World 400m champion Jerome Young failed a doping test in Paris last month, according to a French newspaper.

L'Equipe reported that the 27-year-old tested positive for the banned blood booster EPO on 23 July.

The news follows a previous test in 1999 when his blood was found to contain traces of nandrolone, though he was later exonerated of all charges.

He then won gold in the 400m relay at the 2000 Olympics - a result that could now be reversed.

Young's previous failed drug test was not revealed until last year.

After it came to light, the International Association of Athletics Federations ruled last month that the US 400m relay team should be stripped of their Sydney gold.

The International Olympic Committee executive board is scheduled to meet before the Olympics start on 13 August, and must decide whether or not the medals should be taken back.

Young will not run in Athens as he failed to make the US team.

The International Association of Athletics Federations says the American 4x400m relay team that won gold at the 2000 Olympics should lose their medals.

The team, including Michael Johnson, faces punishment after one of its members, Jerome Young, tested positive for banned substance nandrolone.

"Based on this position, we believe the medals should be taken back," said IAAF general secretary Istvan Gyulai.

The final verdict rests with the International Olympic Committee.

Young, who has protested his innocence, tested positive for nandrolone before the Olympics, but was exonerated by a USA Track and Field doping appeals board and allowed to compete in Sydney.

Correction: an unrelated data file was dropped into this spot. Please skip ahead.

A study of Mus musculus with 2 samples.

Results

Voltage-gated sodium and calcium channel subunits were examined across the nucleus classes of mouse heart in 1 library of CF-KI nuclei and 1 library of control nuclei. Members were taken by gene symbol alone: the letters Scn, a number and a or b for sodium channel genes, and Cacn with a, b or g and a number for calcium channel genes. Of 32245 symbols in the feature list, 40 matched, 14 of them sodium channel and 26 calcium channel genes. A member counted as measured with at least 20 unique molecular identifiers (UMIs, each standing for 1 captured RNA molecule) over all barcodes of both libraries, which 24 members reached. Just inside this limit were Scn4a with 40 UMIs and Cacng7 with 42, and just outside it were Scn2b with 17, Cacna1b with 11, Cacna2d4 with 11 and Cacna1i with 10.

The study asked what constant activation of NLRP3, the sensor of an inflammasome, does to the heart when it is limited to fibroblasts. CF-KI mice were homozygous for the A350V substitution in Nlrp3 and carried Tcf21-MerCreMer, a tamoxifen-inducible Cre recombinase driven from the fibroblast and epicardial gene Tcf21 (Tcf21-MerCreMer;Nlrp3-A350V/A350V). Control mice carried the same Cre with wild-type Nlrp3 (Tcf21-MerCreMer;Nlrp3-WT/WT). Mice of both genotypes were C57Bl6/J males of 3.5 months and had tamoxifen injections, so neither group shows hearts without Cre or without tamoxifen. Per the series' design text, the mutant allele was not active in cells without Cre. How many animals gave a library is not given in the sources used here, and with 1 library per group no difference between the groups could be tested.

He did not run in the final, but was involved in the first round and semi-final.

The Court of Arbitration for Sport recently ruled that the 400m world champion should have been banned for two years, and should also lose his gold medal because of the positive dope test.

IAAF spokesman Nick Davies said the IAAF council had decided that any such ban should also have applied to relay running.

"The result of the relay will be annulled," he said. "We will now inform the IOC."

Members of the team - which also included Alvin and Calvin Harrison, Antonio Pettigrew and Angelo Taylor - have been invited to present their case, either in person or in writing, at a hearing at some future date.

The IOC executive board is scheduled to meet before the Olympics start on 13 August, and must decide whether or not the medals should be taken back.

Nigeria, Jamaica and the Bahamas were the three teams who came home behind the Americans in Sydney.

The relay medal was the fifth Olympic gold medal of Johnson's career, and he has already made clear his feelings on the matter and the possibility of losing the medal.

"The bottom line is that when Jerome Young made the Olympic team, he had been cleared to run by the USATF," he told the Dallas Morning News.